Gavin Osborn
Come On Folks, Settle Down Marc Burrows , July 3rd, 2012 11:02

Where does 'whimsical comedy song' cross the line into bona-fide indie-folk? The best acousticy-singer types, from Emmy the Great to Billy Bragg are genuinely funny, while the finest comic songs, those of Isy Suttie or Tim Minchin, set the jokes amid proper tunes and real melancholy. Gavin Osborn walks that line more than most, having appeared in actual comedy clubs, the Edinburgh Fringe and a series of story-telling shows with tweecore comedy king Daniel Kitson, whilst also traversing the above-the-pub folk circuit, having Hefner's Darren Heyman produce 2009's lovely Meeting Your Heroes album and alongside Kitson, touring with Belle & Sebastian.

His third proper release, Come On Folks, Settle Down pulls the two strands tighter. A concept album of sorts, it's a record about contentment and the comfortable (over) familiarity of marriage and fatherhood, about realising you're a grown-up and being actually okay with that, thank-you-very-much. He asks the big questions: who sleeps on what side of the bed and who makes the tea? There's a playful way with words here which resonates with those of a certain age, “I prefer the slow pace of tea drinking to on-the-move lattes” he sings on 'Over Thirty', “I get more pleasure from test matches than I do from the one days”, nailing the worldview of the grown-up indie kid in the album's most satisfying couplet.

Alas Come On Folks, Settle Down misfires occasionally. 'Brian Cox' feels a little slight, perhaps in need of an audience's laughter to bolster the energy, while 'That's How I Know' is sweet but never really soars. There's plenty to enjoy though, when Osborn hits the balance between silly, sentiment and sadness things really start to happen. 'Albert Went Out To See Rock Bands', the tale of the titular septuagenarian sneaking out at night to indulge a new found love of metal is completely wonderful, on form Osborn has the chops to match the best in comedy or music as a storyteller. 'Holding It Together' updates McCartneys' 'She's Leaving Home', replacing stuffy suburban bewilderment with the wobbley-lipped reserve of modern middle-age. For any parent whose seen a child fly the nest, or indeed anyone that cried at the end of Toy Story 3, it's a proper gut-punch.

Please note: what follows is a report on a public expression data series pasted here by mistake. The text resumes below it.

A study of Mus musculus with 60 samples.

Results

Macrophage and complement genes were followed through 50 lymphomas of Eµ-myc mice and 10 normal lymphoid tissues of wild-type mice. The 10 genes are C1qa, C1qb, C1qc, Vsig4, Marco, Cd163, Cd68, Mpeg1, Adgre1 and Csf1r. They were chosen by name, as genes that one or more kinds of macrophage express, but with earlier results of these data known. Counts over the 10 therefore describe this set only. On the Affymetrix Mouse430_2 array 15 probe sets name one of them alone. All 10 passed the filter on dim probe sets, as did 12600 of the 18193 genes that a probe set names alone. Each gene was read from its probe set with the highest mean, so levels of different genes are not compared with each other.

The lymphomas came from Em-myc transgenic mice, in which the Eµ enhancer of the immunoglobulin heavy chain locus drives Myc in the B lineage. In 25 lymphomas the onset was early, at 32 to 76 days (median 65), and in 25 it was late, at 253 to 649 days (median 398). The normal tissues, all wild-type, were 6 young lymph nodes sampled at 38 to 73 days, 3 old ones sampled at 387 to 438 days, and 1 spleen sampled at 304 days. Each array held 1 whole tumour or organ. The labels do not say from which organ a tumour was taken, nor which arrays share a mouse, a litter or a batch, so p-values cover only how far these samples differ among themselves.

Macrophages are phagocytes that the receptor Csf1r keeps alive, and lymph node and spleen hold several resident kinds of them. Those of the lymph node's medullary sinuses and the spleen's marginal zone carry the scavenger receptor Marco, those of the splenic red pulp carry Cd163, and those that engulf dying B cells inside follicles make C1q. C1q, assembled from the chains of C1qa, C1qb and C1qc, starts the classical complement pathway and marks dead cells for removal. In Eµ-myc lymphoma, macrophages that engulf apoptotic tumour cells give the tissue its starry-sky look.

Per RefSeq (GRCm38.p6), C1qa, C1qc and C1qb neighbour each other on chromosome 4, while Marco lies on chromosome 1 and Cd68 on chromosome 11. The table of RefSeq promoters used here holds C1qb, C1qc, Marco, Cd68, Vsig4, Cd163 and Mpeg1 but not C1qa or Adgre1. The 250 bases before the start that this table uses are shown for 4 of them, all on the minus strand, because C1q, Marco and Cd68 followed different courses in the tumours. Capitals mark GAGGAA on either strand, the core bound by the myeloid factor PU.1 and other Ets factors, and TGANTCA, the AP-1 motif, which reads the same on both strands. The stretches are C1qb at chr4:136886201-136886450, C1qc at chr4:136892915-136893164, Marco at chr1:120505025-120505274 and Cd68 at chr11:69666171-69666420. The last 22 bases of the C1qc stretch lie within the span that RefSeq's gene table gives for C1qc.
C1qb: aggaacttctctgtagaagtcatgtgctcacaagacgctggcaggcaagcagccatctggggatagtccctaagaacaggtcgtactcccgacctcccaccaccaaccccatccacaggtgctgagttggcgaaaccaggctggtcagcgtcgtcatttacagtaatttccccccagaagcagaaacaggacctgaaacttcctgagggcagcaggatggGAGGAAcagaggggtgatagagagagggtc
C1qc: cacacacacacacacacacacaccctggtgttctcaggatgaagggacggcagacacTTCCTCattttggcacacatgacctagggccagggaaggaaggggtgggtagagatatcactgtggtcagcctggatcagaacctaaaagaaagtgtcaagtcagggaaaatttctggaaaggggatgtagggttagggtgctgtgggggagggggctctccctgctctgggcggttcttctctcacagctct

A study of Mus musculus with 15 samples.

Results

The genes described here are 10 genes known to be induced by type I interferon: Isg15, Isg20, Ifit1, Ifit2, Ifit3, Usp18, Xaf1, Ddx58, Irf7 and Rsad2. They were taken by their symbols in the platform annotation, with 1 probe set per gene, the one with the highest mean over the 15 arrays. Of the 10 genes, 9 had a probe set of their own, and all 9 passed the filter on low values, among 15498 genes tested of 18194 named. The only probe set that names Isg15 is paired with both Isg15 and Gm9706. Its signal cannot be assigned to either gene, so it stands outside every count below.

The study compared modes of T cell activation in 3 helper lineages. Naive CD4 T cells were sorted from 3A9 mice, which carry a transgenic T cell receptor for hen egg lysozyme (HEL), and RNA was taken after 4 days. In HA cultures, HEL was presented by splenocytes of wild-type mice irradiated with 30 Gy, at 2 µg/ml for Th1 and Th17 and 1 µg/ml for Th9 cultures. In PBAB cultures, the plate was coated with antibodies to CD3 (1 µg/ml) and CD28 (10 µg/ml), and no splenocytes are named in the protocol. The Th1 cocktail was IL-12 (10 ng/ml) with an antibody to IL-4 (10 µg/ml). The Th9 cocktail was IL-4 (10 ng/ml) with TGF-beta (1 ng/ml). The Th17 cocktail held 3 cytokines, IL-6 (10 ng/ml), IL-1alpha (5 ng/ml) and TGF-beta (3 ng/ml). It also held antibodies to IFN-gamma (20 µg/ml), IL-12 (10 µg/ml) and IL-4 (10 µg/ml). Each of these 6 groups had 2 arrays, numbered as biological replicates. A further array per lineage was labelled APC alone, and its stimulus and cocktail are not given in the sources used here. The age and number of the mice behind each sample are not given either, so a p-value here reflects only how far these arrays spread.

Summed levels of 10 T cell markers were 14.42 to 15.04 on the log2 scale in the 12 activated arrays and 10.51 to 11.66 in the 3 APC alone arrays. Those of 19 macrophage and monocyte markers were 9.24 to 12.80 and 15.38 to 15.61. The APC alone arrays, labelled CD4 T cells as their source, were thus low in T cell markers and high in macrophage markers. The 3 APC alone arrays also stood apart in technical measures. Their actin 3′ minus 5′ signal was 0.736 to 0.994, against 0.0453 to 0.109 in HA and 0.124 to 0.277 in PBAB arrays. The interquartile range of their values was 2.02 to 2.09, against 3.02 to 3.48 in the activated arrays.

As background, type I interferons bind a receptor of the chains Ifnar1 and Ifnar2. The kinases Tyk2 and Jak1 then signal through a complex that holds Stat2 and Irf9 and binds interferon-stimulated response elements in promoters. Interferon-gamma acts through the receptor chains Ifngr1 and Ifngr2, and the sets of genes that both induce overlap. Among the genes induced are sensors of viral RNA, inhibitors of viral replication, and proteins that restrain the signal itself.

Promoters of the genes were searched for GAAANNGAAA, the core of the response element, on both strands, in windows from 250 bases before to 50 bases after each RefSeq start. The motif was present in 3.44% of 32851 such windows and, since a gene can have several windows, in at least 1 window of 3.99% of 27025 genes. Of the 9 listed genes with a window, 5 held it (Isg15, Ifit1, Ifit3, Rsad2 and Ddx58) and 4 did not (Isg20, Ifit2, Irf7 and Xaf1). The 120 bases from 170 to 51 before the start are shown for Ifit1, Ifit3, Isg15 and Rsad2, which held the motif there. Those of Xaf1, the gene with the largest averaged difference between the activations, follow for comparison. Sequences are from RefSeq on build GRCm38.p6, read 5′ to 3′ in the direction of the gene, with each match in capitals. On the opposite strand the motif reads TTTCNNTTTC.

Osborn is at his best when he's weaving melancholy between the punchlines, combining both to make something stronger than either. On 'You Were Invincible' it takes the potentially mawkish and makes it beautifully human, while 'Such A Cheeky Rascal' spins actual, heartfelt warmth out of a song about a small van. By the time album closer 'The World Is At Your Feet, Little Man' sees Osborn addressing his baby boy he's earned the right to be properly sentimental and to the lump in the throat that comes with it.

Catchy and clever but never cloying, pulled along by Osborn's plaintive and affecting voice, Come On Folks, Settle Down is a genuine, wistful treat for anyone finding themselves past thirty and seeking a soundtrack to a good brew.